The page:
Sowetan crew, Ramatsiyi Moholoa and Antonio Muchave went out on an inspection tour of Soccer City last week

The western stand that accommodated corporate suites and offices is the only remaining building structure of the once imposing Soccer City.

The western stand that accommodated corporate suites and offices is the only remaining building structure of the once imposing Soccer City.

This is a sequel to the massive upgrading process which began in January done by Phumelela Africa Professional Engineers.

The stadium is one of the venues which has been selected by the Local Organising Committee for the 2010 World Cup finals. Buti Edward Williams, managing director of Phumelela Africa, took the Sowetan crew on a site inspection tour of the stadium last week.

On our arrival at Williams' temporary offices, we were offered makarapa (helmets) and instructed to wear them before going on the site. In terms of the rules and regulations, any person visiting the site of any construction has to wear a helmet for safety reasons.

The City of Johannesburg has allocated R1,5 million for the revamping of Soccer City, which will host the World Cup opening and closing ceremony.

The upgrading process got under way with the fence surrounding the stadium replaced by corrugated iron.

Getting closer to the site, one notices that the seats that once rounded the pitch have been demolished to make way for a more solid foundation and fancy structure.

Dust swirled and graders zigzagged and buzzed around the place. Williams said the building, which also housed the 80 suites, will not be demolished in what he described "as a cost saving measure".

He was however quick to point out that the existing building will be slightly adjusted to conform with the new design of the stadium. \

An additional 287 suites will be built, which will also see the capacity of the stadium increasing from 77 000 to more than 94 700 seats.

With the plastic seats already removed, the constructors are still to decide on the new seats to be erected at the grandstands.

"We are going to have beautiful seats where people will watch the games comfortably, but it will be high technology plastic," explained Williams.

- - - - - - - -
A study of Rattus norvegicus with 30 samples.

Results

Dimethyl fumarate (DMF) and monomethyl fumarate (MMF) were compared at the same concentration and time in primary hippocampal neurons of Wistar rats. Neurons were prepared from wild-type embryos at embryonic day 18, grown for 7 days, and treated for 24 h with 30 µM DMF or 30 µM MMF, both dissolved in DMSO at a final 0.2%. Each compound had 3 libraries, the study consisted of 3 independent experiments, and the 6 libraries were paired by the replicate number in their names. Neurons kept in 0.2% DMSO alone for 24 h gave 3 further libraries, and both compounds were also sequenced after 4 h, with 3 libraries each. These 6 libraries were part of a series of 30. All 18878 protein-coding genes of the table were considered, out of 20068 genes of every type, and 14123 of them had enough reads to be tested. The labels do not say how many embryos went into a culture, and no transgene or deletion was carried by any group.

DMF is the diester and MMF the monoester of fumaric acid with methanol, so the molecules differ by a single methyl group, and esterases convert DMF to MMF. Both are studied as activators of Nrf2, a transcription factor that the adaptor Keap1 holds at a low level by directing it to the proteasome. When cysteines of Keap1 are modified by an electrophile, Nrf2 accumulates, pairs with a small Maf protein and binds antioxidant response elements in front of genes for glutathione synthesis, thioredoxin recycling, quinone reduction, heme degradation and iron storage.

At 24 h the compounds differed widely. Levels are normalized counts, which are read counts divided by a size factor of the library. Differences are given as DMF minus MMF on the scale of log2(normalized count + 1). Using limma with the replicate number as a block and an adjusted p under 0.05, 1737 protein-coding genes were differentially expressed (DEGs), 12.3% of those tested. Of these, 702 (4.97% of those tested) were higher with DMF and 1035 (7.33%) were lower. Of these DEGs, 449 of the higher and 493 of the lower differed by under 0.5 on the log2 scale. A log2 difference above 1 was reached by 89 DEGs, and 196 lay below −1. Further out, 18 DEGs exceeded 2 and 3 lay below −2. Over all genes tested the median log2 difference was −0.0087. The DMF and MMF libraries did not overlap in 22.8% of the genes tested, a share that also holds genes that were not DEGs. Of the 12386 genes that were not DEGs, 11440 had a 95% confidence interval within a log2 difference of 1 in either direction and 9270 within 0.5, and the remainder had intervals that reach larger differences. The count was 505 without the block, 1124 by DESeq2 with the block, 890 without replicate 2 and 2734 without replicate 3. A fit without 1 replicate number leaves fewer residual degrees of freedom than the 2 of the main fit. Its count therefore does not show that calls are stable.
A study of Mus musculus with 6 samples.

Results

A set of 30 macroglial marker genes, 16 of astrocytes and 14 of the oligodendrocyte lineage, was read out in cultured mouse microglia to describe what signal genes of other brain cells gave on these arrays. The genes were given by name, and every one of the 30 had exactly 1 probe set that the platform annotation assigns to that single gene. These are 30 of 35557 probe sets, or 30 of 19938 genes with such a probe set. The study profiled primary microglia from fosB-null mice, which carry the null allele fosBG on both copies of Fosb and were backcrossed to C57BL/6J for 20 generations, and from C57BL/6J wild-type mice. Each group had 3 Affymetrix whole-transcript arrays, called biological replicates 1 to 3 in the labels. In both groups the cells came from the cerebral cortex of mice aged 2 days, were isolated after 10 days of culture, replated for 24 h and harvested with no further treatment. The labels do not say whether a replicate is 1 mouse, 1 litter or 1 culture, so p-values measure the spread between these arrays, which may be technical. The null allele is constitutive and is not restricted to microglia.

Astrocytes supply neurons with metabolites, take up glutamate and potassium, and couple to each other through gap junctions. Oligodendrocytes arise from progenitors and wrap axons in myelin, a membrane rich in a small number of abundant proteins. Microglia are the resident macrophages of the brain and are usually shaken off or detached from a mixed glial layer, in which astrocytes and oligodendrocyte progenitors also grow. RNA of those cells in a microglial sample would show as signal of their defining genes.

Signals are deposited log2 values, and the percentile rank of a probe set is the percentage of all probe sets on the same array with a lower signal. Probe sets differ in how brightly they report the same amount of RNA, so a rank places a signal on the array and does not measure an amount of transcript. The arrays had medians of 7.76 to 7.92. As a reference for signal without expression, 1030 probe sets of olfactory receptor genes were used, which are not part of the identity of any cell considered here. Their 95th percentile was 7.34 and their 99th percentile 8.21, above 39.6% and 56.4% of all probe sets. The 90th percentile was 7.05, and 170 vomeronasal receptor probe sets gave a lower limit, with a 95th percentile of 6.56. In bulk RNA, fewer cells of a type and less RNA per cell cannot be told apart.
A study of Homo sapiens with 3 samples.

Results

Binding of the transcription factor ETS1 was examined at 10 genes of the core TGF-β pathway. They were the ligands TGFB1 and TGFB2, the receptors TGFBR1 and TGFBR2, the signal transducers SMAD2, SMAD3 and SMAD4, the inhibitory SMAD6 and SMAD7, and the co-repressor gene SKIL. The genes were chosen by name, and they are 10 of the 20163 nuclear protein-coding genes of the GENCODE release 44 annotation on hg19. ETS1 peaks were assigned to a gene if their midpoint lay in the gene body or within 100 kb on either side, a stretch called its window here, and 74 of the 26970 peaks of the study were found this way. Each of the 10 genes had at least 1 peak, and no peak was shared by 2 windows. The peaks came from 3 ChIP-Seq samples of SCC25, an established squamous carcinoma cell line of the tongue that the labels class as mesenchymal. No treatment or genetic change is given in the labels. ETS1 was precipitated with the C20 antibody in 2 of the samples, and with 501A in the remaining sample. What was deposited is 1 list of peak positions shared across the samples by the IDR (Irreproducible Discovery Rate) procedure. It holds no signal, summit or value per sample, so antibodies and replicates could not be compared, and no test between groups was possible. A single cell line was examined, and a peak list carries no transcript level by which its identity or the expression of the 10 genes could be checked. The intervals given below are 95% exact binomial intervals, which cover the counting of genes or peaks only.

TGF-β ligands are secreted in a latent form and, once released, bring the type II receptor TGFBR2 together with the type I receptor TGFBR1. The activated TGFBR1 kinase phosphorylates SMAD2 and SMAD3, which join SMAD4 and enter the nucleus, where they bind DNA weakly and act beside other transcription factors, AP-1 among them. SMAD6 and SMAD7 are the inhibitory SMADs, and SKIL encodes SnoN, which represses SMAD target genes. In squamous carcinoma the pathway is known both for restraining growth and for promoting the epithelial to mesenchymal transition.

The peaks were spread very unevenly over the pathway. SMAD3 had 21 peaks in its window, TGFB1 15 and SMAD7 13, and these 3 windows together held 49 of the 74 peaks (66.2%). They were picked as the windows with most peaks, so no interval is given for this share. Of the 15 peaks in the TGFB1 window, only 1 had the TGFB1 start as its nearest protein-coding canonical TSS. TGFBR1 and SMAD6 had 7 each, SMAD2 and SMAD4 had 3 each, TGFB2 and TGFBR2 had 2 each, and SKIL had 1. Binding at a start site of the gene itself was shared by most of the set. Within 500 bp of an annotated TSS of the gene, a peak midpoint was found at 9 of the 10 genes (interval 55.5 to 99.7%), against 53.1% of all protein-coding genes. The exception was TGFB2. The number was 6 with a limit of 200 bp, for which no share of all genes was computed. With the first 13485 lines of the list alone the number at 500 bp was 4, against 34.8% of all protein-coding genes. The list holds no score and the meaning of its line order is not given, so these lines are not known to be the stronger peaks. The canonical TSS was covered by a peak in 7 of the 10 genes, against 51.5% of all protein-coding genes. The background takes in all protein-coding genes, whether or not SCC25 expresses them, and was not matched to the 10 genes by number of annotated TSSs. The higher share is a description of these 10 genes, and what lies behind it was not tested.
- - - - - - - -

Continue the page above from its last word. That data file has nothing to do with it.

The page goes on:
"The plan of getting high technology seats is to ensure that a normal person will not be able to remove them, like it used to happen where they were used as missiles."

In terms of the new design, the new-look stadium will be partially roofed and floodlights will be strategically located around the edge of the roof.

"We will also have the dressing rooms, medical rooms, players' lounges and kiosks where food and soft drinks will be sold," said Williams.

Talking about the pitch, Williams said a natural grass will be planted. He added that the new grass will be slightly raised - by 400m millimetres this time round.

"We will also be creating a new tunnel facing the centre line of the stadium where the players will go straight into the pitch from the dressing rooms."

Asked if there will be new security measures around the deadly moat, Williams said: "A security fence will be erected to make it impossible for people to access it."

He said there will also be a helicopter landing site on the western side of the stadium for emergency and dignitaries' purposes.

"There will also be practice fields between the stadium and the (Soweto) highway. Accessibility to the stadium will be easy and parking will also be plenty."

The upgrading of Soccer City is expected to be completed by April 23 2009 and Williams is adamant that they will meet the deadline.

"It will be an awesome stadium, one of the best in the world. It will be the flagship of Africa," said Williams in his parting shot.

The upgrading of Soccer City is the second facility built by Phumelela, who also did a great job in the R86 million Safa House.